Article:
Last month’s Steam Dev Days saw developer Valve committing to and promoting virtual reality in a big way. Now all of the virtual reality talks from the conference are available for your viewing pleasure.
Valve promised to post all of the Steam Dev Day presentations online for the world to see and indeed they have delivered. All of the virtual reality talks are listed below and well worth a watch. You can find every presentation from Steam Dev Days here.
Michael Abrash (Valve): What VR Could, Should, and Almost Certainly Will Be within Two Years
We’ve figured out what affordable VR hardware will be capable of within a couple of years, and assembled a prototype that reveals that that level of VR hardware is capable of stunning VR experiences. That hardware is almost certainly going to appear in that timeframe, and it will be worth starting to develop for it now. This talk will discuss what that hardware is, and what it makes possible. A few attendees will be randomly selected to try out the prototype after the talk.
Palmer Luckey (Oculus VR): Porting games to Virtual Reality
The team at Oculus has spent time helping a variety developers bring their existing content to virtual reality across multiple platforms. This talk will cover many of the best practices, technical hurdles that VR developers should be aware of, and some of the counter-intuitive approaches we’ve seen work.
Joe Ludwig (Valve): Virtual Reality and Steam
Come and hear what Valve is working on in Steam to support and promote Virtual Reality games. This includes discussion of the Steam Overlay in VR, Steam store changes for VR, and our VR plan for Steamworks.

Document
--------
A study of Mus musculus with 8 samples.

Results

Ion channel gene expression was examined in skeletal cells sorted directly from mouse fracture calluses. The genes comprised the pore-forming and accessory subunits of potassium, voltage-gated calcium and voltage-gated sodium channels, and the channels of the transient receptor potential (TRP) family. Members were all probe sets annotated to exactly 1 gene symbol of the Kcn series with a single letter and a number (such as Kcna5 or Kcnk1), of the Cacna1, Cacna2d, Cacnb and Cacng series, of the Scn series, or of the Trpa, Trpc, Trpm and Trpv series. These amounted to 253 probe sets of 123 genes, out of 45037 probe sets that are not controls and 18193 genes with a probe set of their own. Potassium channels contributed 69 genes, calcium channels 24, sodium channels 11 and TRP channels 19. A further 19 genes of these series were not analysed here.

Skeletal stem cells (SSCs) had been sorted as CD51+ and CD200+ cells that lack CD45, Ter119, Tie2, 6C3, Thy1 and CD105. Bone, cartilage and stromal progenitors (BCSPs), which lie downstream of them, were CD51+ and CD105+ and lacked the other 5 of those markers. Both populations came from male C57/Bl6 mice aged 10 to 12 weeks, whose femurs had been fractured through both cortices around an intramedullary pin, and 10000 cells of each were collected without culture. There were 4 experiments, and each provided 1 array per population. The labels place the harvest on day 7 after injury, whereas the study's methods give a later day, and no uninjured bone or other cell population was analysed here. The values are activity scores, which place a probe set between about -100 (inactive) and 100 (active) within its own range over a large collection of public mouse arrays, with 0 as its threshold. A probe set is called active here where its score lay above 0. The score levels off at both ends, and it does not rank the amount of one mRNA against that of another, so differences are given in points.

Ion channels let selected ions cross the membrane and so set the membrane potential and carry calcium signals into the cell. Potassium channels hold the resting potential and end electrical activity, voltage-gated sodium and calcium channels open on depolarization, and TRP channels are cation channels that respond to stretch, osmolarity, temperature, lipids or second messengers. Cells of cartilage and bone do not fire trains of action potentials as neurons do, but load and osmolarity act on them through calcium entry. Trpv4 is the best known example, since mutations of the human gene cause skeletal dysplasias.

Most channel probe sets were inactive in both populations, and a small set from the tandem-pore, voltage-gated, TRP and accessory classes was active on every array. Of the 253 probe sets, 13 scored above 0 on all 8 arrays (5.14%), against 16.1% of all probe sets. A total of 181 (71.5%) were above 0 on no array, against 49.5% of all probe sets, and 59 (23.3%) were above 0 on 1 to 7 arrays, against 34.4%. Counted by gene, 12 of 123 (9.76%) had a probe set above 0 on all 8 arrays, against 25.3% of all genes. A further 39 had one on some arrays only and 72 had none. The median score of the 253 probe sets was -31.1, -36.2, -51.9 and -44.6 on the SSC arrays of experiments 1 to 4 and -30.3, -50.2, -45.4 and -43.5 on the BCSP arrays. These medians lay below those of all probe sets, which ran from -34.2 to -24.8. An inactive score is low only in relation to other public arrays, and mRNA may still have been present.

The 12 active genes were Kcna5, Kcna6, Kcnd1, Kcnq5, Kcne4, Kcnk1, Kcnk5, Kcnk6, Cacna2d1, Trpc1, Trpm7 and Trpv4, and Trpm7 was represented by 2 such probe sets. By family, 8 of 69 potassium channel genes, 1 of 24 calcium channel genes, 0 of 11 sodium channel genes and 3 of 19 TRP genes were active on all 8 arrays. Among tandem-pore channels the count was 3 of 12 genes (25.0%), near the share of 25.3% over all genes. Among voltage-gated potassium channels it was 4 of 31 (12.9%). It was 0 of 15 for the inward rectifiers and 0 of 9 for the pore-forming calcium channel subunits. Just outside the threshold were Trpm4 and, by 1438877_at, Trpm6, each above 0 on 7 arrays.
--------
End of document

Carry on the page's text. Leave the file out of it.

Devin Reimer and Alex Schwartz (Owlchemy Labs): Wild West of VR – Discovering the Rules of Oculus Rift Development
Through the development of Aaaaaculus!, one of the first commercially available Oculus Rift games, the team at Owlchemy Labs has come to the realization that 2013/2014 is truly the Wild West of VR development. Like the days of early consumer touchscreens, the best practices and rules of VR are still to be determined. We’ll cover the many key VR revelations we’ve had during development, such the importance of respecting the player’s head direction, reduction of motion sickness, the complete reversal of UI and HUD paradigms, the introduction of developer fatigue, and realizations about subtle visual cues and the sensitivity of the inner ear.
Through trial, error, boatloads of testing, and caffeine, we arrived at a playable and immersive sky-diving experience for Oculus Rift. The methods employed will need to be explored heavily as we move forward into this new era of VR game design. We hope to begin the discussion on establishing standards, bit-by-bit, so that years from now we can look back on the early days and chortle at the seemingly “obvious” VR faux-pas made before the rules were clearly defined.”